Architecture / Interior /

Legend of Three Hands

Surabaya is known for its impressive–and well-preserved–buildings that feature imperial and oriental-style architectural styles. One of the city’s strongest architectural accents can be found its old quarter, where the House of Sampoerna sits. The stately, colonial-style compound features several buildings as well as a museum that tells the story of Liem Seeng Tee, the founder of the Sampoerna tobacco company.

Photo by Bagus Tri Laksono & House of Sampoerna Doc.

The House of Sampoerna, open daily, is an impressive compound with Dutch colonial influences. Built between 1862 and 1864, the building was initially an orphanage run by the Dutch colonial government. In 1932, the compound was purchased by Liem Seeng Tee, the founder of Sampoerna, and turned into the company’s first cigarette factory. Liem added several Art Deco touches to the building, such as various stained glass ornaments that are still evident today. He also added an element of Art Nouveau in the door relief of the VIP cafe that depicts the beautifully curved chalice and snake of the Bowl of Hygieia, a symbol of the pharmacy profession. The relief also features tobacco leaves and cloves, to symbolize the kretek (clove) cigarettes for which the nation is famous, as well as the letters LST, which are the initials of the firm’s founder.


The idea to restore Sampoerna’s first factory started with the interest of various governmental agencies, corporations and educational institutions eager to gain insight into the successful journey of Sampoerna. It is no surprise, then, to see the live production floor at the House of Sampoerna where hundreds of workers still make kretek by hand. The main auditorium has been repurposed as a museum and souvenir shop while the east building has been restored and is currently used as a cafe and art gallery. The edifice to the west side maintains its original function as a family residence, whereas the vast ward behind the auditorium houses one of Sampoerna’s hand-rolled kretek cigarette factories.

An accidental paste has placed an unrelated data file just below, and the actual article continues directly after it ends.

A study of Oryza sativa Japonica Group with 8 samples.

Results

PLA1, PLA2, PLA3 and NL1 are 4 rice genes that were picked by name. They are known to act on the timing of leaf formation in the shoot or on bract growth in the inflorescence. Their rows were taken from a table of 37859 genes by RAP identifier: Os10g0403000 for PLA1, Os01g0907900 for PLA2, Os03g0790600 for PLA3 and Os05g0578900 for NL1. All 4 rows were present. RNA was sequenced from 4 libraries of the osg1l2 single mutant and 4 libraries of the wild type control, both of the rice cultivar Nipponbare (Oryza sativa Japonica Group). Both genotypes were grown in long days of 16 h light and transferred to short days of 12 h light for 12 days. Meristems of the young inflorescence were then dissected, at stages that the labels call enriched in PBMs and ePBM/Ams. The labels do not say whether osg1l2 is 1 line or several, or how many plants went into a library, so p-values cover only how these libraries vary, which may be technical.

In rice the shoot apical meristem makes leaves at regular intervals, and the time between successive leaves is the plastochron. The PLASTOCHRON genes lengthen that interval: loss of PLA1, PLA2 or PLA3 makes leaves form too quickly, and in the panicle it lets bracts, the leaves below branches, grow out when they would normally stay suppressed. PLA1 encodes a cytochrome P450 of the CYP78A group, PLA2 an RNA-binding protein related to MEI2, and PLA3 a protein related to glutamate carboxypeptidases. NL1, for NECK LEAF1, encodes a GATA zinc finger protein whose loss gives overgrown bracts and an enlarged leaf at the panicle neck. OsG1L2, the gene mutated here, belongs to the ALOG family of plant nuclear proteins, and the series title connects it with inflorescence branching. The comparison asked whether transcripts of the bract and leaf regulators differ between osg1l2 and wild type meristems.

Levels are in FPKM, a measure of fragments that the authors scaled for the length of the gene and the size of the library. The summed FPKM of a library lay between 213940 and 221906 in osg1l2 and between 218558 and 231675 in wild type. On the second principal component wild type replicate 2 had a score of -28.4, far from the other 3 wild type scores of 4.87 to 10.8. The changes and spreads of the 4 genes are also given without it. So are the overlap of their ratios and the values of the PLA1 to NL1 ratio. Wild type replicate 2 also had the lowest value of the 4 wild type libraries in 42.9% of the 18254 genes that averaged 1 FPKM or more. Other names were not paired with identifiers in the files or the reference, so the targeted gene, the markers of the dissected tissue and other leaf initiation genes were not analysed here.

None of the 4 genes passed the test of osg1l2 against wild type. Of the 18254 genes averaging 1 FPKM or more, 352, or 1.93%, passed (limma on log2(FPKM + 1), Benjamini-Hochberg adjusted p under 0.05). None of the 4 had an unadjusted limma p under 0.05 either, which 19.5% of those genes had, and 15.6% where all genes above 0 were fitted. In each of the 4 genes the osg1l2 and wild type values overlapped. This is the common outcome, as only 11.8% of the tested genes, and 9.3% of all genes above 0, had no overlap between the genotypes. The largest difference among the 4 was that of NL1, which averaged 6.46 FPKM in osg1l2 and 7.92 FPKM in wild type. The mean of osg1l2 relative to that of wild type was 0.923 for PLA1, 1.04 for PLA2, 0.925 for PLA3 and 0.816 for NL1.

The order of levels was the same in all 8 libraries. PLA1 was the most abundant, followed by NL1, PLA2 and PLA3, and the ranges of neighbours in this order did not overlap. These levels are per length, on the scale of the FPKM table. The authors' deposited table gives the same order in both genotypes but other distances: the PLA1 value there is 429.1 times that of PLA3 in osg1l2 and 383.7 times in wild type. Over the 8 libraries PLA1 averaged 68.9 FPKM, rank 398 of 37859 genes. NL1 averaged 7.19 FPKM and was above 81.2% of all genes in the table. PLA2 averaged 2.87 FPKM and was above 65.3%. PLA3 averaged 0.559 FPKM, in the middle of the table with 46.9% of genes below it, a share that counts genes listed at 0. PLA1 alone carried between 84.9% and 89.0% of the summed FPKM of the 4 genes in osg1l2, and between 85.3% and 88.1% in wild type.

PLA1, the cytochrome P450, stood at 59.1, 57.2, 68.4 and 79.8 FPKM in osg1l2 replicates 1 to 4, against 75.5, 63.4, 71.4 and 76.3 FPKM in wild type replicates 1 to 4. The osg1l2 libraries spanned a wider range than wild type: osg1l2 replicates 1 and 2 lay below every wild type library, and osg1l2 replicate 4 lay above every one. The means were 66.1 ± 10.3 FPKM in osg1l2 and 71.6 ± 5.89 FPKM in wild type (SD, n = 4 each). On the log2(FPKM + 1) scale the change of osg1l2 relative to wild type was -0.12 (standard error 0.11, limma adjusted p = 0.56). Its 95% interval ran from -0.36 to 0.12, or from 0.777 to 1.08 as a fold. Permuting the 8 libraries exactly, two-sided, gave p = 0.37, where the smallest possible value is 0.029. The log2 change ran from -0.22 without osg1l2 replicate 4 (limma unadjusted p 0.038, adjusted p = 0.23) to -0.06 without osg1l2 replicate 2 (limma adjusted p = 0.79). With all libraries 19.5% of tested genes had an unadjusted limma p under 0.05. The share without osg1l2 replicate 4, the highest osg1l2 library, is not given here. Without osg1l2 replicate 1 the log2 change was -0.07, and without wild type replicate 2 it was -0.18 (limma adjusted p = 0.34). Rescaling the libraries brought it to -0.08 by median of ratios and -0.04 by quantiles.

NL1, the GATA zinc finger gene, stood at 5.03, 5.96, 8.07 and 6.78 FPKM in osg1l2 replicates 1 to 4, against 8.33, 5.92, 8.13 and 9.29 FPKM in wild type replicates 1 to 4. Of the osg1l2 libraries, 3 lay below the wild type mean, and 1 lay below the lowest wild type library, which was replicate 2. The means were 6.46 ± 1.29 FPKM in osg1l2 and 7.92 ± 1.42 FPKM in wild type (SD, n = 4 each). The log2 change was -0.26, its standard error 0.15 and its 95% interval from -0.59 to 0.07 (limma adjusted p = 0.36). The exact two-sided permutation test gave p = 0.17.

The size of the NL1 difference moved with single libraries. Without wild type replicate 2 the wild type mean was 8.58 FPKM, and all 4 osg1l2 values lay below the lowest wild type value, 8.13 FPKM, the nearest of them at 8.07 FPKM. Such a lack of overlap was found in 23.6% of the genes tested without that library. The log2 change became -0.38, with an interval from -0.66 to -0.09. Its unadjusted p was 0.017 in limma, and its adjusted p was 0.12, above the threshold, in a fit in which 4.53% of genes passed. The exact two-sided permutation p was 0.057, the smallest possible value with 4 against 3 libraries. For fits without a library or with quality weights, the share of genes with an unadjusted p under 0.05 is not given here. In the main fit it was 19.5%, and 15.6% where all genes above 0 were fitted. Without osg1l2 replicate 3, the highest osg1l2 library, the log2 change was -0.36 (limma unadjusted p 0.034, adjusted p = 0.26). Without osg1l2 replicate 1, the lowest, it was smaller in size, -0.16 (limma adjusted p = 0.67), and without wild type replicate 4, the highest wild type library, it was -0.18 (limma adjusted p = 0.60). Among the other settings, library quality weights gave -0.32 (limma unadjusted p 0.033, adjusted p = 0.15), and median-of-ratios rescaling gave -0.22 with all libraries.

The current owner’s commitment to restore the condition of the original building has been thorough. The repair and reproduction of damaged parts–such as the tile floors, old teak floorboards, door handles and stained-glass windows–was completed without the addition of new elements. The process of creating the restoration concept, research and planning and material procurement was done by Sampoerna’s in-house architect team. The revitalisation of the House of Sampoerna is embodied (literally) in the “Three Hands” philosophy espoused by Liem. The hands refer to the company, its partners and its customers, all of who must be in harmony for Sampoerna to prosper. A Chinese character that translates as king is emblazoned everywhere in the house–a reflection of Liem’s desire to prosper in the tobacco business.